Sen. Pat Toomey, R-Pa., is skeptical about the need for provacy legislation.(AP Photo/J. Scott Applewhite)

Members of a Senate panel tangled on Wednesday over whether consumers are being so harmed by online tracking and data collection that federal legislation to address the problem is warranted.

The dispute between Sens. John Kerry, D-Mass., and Pat Toomey, R-Pa., highlighted an issue critics of privacy legislation often raise: that supporters have yet to show what harm needs to be fixed by federal intervention.


During a Senate Commerce Committee hearing on consumer privacy, Toomey said he is still skeptical about the need for federal privacy legislation. He worried it could hamper Internet innovation and stifle the availability of free content, which is often supported by advertising.

“Proponents of privacy legislation and of granting the [Federal Trade Commission] authority to regulate online activity really should clearly demonstrate the market failure and consumer harm they they seek to address,” Toomey said. “The benefits of online tracking and data collection are very clear. Facebook is free. Gmail is free.”

He said he believed companies have begun competing on privacy and that the marketplace will encourage companies to attract customers by offering robust privacy protections.


Kerry, chairman of the Communications, Technology, and the Internet Subcommittee, disagreed. “A lot of the questions you’ve raised have been addressed in [prior] hearings, and I think it’s been a powerful showing with respect to both the ability to have a privacy standard as well as a need for privacy standard without affecting those applications and free access and all the other things you talked about,” he responded.

Kerry introduced legislation last year with Sen. John McCain, R-Ariz., that would provide consumers with basic privacy protections and give them more control and choice over their personal data.

Kerry got an assist on the need for legislation from his own brother, Commerce Department General Counsel Cam Kerry. He argued that privacy legislation would address two market failures dealing with the inability of consumers to control what data is collected about them and the bad actors who do not respect consumer privacy. Consumers’ lack of control over their personal data “allows outliers and outlaws that are not good stewards of information to take advantage of consumers trust and lack of information,” Cam Kerry said.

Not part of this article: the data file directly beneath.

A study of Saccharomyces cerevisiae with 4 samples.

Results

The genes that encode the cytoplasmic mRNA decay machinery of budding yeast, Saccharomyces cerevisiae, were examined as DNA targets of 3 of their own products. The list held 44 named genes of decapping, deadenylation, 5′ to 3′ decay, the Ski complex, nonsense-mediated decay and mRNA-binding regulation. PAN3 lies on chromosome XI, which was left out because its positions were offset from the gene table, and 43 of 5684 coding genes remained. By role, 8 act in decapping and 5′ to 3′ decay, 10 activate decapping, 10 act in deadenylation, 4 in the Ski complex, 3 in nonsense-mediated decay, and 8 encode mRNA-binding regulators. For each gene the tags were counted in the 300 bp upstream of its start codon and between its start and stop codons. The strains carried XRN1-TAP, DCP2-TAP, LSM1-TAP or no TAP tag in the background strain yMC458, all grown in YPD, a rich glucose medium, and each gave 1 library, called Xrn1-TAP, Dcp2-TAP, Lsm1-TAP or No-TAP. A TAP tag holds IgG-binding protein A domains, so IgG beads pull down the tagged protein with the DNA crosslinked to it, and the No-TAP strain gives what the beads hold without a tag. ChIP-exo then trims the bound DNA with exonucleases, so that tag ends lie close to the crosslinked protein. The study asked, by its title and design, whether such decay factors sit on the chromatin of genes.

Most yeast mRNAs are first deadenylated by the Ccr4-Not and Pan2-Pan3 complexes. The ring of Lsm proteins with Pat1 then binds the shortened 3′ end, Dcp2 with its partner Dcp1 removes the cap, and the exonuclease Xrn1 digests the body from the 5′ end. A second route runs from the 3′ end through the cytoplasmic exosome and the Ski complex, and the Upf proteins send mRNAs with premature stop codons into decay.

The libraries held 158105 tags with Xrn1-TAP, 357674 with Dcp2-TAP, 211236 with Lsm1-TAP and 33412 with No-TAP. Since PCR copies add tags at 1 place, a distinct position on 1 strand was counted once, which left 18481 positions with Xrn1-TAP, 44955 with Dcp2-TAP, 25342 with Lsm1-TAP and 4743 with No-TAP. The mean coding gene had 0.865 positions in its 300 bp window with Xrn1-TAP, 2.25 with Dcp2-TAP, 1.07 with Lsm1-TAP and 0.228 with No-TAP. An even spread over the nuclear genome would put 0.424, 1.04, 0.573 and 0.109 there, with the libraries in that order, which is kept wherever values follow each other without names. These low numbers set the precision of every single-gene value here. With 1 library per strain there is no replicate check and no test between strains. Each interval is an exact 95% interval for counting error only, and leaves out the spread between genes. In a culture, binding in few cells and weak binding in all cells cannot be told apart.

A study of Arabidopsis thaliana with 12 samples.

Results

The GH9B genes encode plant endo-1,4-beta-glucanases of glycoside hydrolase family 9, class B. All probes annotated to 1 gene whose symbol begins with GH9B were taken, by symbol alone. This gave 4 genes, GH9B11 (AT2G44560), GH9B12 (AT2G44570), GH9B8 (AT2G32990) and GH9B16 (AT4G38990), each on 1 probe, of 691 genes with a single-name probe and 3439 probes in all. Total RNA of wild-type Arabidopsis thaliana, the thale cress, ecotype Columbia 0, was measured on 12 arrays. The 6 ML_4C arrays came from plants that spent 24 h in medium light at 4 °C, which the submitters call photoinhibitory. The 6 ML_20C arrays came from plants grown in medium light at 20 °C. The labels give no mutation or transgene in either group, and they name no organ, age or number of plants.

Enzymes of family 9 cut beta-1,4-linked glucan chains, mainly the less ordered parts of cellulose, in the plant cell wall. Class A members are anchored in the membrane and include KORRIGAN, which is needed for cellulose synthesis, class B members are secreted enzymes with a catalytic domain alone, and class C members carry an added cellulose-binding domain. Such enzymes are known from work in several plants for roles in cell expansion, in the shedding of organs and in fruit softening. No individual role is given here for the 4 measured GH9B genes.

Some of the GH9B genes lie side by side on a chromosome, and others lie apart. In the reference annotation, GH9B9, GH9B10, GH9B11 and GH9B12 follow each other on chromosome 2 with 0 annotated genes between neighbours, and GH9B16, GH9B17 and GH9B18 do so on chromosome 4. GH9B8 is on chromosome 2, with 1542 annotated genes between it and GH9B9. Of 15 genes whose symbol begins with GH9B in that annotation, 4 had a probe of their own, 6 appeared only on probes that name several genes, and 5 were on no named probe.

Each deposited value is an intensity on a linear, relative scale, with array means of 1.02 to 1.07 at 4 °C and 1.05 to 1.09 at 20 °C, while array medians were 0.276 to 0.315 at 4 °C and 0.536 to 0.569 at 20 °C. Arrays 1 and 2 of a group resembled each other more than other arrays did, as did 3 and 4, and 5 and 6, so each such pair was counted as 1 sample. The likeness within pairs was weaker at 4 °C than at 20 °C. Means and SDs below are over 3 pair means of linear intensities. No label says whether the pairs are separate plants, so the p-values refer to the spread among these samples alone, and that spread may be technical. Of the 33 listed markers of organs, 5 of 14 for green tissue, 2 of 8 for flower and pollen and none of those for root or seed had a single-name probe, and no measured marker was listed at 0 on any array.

The Obama administration has called on Congress to pass legislation implementing its proposed “Privacy Bill of Rights,” unveiled in February. It would give consumers basic privacy protections such as having the right to know and to control what data is being collected about them. Cam Kerry said that the administration is working on putting its privacy bill of rights proposal into legislative language that can be sent to Congress.


John Kerry said he is open to further negotiation on his privacy legislation. “I think we ought to compromise in this effort, but we need to get down to that discussion,” he said. “We cannot afford another year of delay.”

Senate Commerce Chairman Jay Rockefeller, D-W.Va., acknowledged that there is a lack of consensus needed to move privacy legislation this year but pledged to continue pushing the issue. He didn’t rule out a markup of his own legislation requiring companies to respect consumers’ requests not to be tracked online.

FTC Chairman Jon Leibowitz said he expects that consumers will have a choice on whether they want companies to track and collect data about them for advertising by the end of the year, either through the voluntary actions of companies or legislation.

Leibowitz noted a majority of the FTC members believe that a true do-not-track choice involves not collecting data about consumers with a few narrow exceptions, such as for fraud protection. Rockefeller voiced concerns that some of the exceptions favored by online advertisers are too broad.